Jefferson County’s forested landscape means that there is high risk of wildfire, especially during dry spells. Forest management is a crucial step to protect your home, your forest, and the entire county from devastating wildfire. Forestry services for landowners may be found from Jefferson Conservation District (JCD) and the Colorado State Forest Service (CSFS). Both agencies provide technical assistance in relation to forest restoration, wildlife habitat, wildfire mitigation/fuel reduction, and overall forest ecosystem health. For certain projects, funding assistance and coordination of professional forestry contractors may be available.
JCD-specific programs include the Environmental Quality Incentives Program (EQIP), delivered in partnership with Natural Resources Conservation Service (NRCS).
The Colorado State Forest Service programs include the Forest Ag Program, Forest Legacy Program, Forest Restoration & Wildfire Risk Mitigation Grant Program, Forest Stewardship Program, Homesite Assessments, Tree Farm Program. CSFS also maintains a list of private consulting foresters; contact the Golden office for more information.
Additional educational and informational resources about forest management are available from CSU Extension’s Natural Resources program.
The Colorado State Forest Service (CSFS) provides community tree planting and tree care. Technical assistance in community forestry from CSFS includes devising plans to maintain and add to tree resources and providing information and workshops on tree care. CSFS creates strategies for planning for forest pests and invasive species and cares for storm-damaged trees.
The Colorado State Forest Service (CSFS), in partnership with the US Forest Service, conducts an annual inventory that provides objective and scientifically credible data on forest health, and measures changes over time. This information helps researchers, policymakers, consultants, private industry, landowners and natural resource professionals better understand current forest conditions and significant changes across Colorado and the nation.
CSFS also conducts forest restoration and provides guidelines on restoration following a wildfire. CSFS defines forest restoration as restoring healthy, diverse and resilient ecological systems to minimize uncharacteristically severe fires, especially on critical watersheds. Publications and documents relating to forest restoration are available online.
Visit wildfirerisk.org to understand, explore, and reduce wildfire risk in your community. This interactive online resource from the USDA Forest Service under the direction of Congress and is designed to help community leaders, such as elected officials, community planners, and fire managers. This is the first time wildfire risk to communities has been mapped nationwide.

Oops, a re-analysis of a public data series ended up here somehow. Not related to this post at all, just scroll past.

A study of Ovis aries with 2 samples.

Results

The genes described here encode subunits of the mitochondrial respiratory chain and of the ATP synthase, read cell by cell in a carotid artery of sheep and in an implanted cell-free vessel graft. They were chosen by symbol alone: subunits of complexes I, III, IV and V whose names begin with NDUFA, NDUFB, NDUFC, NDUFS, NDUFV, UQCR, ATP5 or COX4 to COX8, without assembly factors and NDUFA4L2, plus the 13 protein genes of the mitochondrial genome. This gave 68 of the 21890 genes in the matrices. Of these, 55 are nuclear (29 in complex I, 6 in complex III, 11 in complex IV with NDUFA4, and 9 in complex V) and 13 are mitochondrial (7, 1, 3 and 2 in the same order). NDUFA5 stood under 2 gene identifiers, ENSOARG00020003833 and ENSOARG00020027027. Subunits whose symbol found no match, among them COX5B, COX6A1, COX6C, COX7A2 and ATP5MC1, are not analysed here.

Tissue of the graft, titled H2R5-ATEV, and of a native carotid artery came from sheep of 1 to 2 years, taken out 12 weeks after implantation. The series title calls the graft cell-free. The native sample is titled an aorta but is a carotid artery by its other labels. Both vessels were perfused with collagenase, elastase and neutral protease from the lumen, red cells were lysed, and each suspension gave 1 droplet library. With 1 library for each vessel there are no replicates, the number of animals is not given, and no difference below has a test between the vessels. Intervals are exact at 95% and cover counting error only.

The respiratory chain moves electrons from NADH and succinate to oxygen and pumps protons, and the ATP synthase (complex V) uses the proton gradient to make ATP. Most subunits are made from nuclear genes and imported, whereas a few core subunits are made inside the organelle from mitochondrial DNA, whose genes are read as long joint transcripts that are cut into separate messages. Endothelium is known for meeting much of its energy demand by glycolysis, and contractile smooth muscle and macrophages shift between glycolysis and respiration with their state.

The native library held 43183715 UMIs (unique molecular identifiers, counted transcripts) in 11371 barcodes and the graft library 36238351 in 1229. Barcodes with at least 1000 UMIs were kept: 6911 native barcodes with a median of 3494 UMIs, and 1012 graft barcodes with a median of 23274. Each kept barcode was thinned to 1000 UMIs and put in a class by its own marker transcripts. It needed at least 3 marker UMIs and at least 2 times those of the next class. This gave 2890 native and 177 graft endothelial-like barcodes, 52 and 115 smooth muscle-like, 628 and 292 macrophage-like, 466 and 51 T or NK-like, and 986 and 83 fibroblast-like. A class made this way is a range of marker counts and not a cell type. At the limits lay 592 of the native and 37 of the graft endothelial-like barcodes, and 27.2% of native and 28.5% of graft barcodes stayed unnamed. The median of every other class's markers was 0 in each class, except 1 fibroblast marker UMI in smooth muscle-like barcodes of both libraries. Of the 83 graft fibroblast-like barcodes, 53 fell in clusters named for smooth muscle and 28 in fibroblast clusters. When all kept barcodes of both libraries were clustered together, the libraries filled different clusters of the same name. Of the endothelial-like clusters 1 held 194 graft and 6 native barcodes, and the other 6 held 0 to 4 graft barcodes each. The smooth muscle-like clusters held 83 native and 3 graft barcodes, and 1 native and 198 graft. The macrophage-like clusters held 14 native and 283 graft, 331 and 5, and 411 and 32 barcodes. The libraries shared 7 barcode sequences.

For information regarding Jefferson County remote slash collection, burn permits and fireworks, and current Jefferson County fire restrictions and bans call the fire information hotline 303-271-8200.
Landowners can do their part to mitigate wildfire in the county by managing forest on their land, removing slash, and preparing their home for wildfire through Firewise. The Jefferson County Hazard Mitigation Plan provides further information about preparing for natural hazards. Additional publications and resources on wildfire are provided by CSU Extension’s Natural Resources Program.
Natural debris such as tree limbs, pruning, and pine needles, known as slash, can be a fire hazard if allowed to build up. Removing slash and creating a defensible space around your home, is the first line of defense against wildfires. Jefferson County provides slash collection locations where you can deposit your slash for a fee.
Colorado State Forest Service’s Colorado Wood Utilization and Marketing Program (CoWood) has programs for forest product information, service, education and outreach including Wood to Energy program, Colorado Forest Products, Forest Business Loan Fund, Urban Wood Utilization, and Black Forest Utilization.
Jefferson Conservation District is also a resource for locating firewood, tree-length logs, and other wood products.
The Colorado State Forest Service (CSFS) provides community tree planting and tree care. Technical assistance in community forestry from CSFS includes devising plans to maintain and add to tree resources and providing information and workshops on tree care. CSFS creates strategies for planning for forest pests and invasive species, and cares for storm damaged trees.
Colorado Tree Coalition (CTC), a non-profit 501(c)(3), works closely with partners such as the U.S. Forest Service, Xcel Energy, and several corporate and private sponsors to provide programs and services for community tree health and education. Programs administered by CTC include the Champion Tree, Tree Risk Assessment, and Fifth Grade Arbor Day Poster Contest programs. Additionally, the Trees Across Colorado program provides low cost trees to Colorado communities, and the ReForest Colorado program helps communities recover from natural disasters.